Transport for London was today accused of failing to inform passengers about a “second Northern line” through central London because it will be operated by a rival firm.
Thameslink services are to expand in May when trains from Cambridge and Peterborough, currently part of its sister Great Northern franchise, will continue south of King’s Cross and across the Thames to Brighton or Horsham via Gatwick airport for the first time.
This is part of a £7 billion taxpayer-funded modernisation of a north-south line said to be as important as Crossrail.
It includes a key section – Finsbury Park, St Pancras, Farringdon, City Thameslink and Blackfriars – where services will run at “metro” frequencies of eight trains an hour, creating an alternative to the overcrowded Northern line to and from London Bridge.
This means there will be 24 trains an hour between St Pancras and Blackfriars, once the Bedford/Luton trains are included – equal to Crossrail’s peak frequency.
See here for a map of the expanded Thameslink services:Thameslink future service
Existing Thameslink services, which run between Bedford and Brighton, will also be expanded, including a new route linking Luton and the Medway towns via Greenwich and Abbey Wood. An extra 80 stations will join the Thameslink network.
The Standard has learned that TfL had refused to add the new Thameslink services in central London to its Tube map – despite reprinting it to include its own Crossrail, or Elizabeth line, services, which start in December.
One rail source told the Standard: “It’s a high-frequency service that is meant to complement the Tube but nobody is going to know about it.”
Rail expert Barry Doe said the decision was probably because TfL, which saw Tube passenger numbers drop by 13 million last year, “fears an income loss” if passengers switched to Thameslink.
Writing in RAIL magazine, he called on Mayor Sadiq Khan to “overrule this parochialism, and allow visitors and Londoners alike to see all the benefits of recent public investment”.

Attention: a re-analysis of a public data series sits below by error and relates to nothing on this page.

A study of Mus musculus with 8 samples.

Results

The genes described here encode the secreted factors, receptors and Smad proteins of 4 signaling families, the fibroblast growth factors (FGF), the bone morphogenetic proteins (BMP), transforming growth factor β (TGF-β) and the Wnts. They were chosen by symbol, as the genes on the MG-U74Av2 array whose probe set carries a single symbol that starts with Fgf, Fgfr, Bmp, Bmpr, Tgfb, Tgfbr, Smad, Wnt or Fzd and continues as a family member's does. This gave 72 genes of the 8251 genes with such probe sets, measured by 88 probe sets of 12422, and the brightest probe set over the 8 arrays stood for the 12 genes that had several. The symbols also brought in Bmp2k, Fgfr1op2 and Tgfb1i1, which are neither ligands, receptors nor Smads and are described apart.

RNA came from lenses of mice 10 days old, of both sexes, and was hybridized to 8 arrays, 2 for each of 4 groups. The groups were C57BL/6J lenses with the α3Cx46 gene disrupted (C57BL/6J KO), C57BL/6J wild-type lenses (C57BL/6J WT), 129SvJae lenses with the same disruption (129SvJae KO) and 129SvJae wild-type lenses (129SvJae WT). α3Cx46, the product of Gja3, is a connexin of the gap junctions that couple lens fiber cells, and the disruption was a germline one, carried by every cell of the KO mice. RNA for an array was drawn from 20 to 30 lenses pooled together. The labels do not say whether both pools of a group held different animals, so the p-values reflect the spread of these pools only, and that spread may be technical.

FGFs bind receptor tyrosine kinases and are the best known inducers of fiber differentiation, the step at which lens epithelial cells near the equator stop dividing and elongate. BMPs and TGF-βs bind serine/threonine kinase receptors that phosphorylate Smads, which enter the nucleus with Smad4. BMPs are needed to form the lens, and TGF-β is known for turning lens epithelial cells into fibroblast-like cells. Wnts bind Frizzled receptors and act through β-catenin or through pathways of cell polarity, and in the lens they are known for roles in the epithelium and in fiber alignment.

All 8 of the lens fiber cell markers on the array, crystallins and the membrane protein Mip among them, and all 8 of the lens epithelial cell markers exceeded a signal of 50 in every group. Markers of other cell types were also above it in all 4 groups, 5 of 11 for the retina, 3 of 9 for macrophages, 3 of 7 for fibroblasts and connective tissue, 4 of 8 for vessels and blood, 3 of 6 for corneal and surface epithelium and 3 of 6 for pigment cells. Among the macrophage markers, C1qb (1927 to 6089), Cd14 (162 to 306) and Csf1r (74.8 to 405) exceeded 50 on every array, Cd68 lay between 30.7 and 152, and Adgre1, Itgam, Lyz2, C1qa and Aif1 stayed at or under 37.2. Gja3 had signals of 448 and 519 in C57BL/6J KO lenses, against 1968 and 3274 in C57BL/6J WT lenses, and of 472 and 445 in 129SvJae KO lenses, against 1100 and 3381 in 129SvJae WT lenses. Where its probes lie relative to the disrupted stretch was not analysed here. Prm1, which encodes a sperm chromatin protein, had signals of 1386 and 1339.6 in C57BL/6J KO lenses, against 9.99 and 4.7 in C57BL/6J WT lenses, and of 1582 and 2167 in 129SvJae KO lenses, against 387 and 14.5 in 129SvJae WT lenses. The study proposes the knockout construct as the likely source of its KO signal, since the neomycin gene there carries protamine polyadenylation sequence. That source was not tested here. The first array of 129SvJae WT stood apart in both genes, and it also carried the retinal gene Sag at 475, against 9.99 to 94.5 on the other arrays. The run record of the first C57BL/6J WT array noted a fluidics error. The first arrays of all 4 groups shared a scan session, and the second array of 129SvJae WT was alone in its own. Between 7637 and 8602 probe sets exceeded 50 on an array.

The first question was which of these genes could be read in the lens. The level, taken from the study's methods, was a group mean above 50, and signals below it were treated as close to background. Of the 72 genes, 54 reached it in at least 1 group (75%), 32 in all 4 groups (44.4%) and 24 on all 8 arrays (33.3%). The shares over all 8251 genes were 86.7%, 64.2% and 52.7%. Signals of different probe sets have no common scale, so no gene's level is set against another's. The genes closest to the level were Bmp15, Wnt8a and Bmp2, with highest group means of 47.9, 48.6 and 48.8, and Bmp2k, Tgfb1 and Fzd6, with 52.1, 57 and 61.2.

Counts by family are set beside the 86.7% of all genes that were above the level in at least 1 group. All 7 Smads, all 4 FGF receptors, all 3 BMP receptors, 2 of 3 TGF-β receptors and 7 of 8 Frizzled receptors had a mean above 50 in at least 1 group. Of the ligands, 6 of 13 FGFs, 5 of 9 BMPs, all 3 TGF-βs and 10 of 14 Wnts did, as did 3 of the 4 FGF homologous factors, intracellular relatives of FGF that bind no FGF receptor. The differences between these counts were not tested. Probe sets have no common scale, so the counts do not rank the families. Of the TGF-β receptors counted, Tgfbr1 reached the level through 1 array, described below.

The Thameslink expansion has been made possible by a new rail tunnel linking King’s Cross and St Pancras, and Network Rail’s rebuilding of London Bridge station.
New 100mph German-built trains, costing £1.4bn to lease and dubbed the “Hoover” because of their ability to suck-up 1,750 passengers, are being introduced. The 12-carriage units have 666 seats – fewer than the trains they replace – but more standing room, wider doors and indicators showing which carriages have space. Unlike Crossrail trains, they also have lavatories.
The improvements will add extra capacity to a franchise found by the National Audit Office last week to have suffered the most delays and cancellations in the country for the last three years. This was mainly caused by industrial action on Southern and driver shortages on Great Northern.
TfL said Thameslink services were shown on the London Tube and Rail map, which can be seen at most Tube stations, and on the TfL website and app.
However, copies are not available for passengers at TfL stations to take away – unlike the pocket Tube map.
A TfL spokesman said: “The London Tube and Rail map is produced in partnership with the Rail Delivery Group, who print these maps for distribution at national rail stations.
“We review leaflets available in our station on a regular basis and are happy to consider the possibility of stocking these in central London in the future.”